NCPA - National Center for Policy Analysis


April 2, 2008

Relative to both the national average and its neighboring states, Kansas is faring well in terms of its total population of uninsured, says Matthew Hisrich, a senior fellow with the Flint Hills Center.  In his new policy brief, "The Uninsured in Kansas: An Update," Hisrich discusses the diversity of the uninsured population in Kansas and the options for policymakers in addressing the concerns of those individuals.

Those who are uninsured in Kansas are diverse in their ages, healthiness, and wealth:

  • Forty-five percent of those who are uninsured in Kansas are without insurance for less than six months, typically because they are between jobs.
  • And more than fifty-six percent of the uninsured are between the ages of 18 and 34.

State policymakers have a variety of options for dealing with those who are uninsured in Kansas, says Hisrich:

  • Health Savings Accounts (HSAs) offer a more affordable option for those without coverage.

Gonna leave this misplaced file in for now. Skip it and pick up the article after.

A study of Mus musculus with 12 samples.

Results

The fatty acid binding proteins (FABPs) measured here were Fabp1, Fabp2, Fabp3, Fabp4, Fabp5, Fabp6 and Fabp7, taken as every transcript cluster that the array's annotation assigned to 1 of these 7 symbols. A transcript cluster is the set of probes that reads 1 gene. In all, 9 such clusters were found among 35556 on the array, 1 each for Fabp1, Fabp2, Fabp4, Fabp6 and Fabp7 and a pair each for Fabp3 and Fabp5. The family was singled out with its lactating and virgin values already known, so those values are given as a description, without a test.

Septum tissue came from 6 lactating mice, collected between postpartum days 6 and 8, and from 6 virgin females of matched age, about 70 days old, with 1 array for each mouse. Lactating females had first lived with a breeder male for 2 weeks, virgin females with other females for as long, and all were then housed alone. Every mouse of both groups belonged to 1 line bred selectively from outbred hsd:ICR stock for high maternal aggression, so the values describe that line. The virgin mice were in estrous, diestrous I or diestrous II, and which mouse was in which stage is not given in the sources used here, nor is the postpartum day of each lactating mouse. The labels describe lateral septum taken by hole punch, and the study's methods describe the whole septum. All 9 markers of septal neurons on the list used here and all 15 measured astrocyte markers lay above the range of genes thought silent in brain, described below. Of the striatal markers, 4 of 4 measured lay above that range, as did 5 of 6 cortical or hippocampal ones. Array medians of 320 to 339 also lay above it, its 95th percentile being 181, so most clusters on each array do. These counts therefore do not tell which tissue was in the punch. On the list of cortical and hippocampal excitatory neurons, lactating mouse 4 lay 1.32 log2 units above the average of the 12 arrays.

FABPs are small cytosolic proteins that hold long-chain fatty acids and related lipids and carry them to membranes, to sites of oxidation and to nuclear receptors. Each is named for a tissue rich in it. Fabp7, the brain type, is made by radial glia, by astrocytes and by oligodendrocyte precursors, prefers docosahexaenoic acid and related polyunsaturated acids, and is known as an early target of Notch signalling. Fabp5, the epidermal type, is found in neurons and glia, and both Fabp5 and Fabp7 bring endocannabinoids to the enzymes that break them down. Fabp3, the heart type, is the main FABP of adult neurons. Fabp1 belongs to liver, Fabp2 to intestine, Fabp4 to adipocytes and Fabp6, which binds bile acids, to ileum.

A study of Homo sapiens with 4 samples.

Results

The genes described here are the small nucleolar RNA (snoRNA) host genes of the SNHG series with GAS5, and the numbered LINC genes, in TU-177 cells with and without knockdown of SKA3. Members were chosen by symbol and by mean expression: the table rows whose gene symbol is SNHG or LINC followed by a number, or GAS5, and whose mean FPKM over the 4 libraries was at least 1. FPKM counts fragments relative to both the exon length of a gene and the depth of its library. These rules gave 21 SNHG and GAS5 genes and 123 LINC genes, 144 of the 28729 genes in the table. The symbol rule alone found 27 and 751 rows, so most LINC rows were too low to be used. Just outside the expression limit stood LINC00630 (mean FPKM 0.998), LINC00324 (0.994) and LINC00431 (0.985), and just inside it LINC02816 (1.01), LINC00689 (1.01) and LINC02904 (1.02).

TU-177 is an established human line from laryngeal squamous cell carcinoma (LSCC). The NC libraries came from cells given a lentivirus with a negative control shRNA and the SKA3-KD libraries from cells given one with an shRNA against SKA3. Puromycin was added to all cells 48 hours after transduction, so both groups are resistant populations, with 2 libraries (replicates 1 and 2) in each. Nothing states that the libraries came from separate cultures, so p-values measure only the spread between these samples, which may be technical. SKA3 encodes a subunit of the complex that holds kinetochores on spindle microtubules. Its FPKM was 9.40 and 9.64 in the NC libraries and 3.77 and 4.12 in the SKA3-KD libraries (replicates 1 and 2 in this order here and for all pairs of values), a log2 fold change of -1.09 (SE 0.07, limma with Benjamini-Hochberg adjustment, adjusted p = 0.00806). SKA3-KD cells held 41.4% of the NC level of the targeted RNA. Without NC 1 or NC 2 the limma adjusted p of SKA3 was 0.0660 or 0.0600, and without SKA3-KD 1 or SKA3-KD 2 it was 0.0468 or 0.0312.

• These HSAs, when combined with low-cost catastrophic coverage, provide individuals more flexibility in coverage while providing possible portability in coverage.
  • Other reform options involve tax credits and the avoidance of price setting.

The problem of uninsured Kansans can be effectively addressed by policy solutions that promote consumer-driven alternatives.   According to Hisrich, policymakers should focus on reforms which remove barriers that reduce access to coverage and offers and promotes lower-cost options.

Source: Matthew Hisrich, "The Uninsured in Kansas: An Update," Flint Hills Center, April 1, 2008.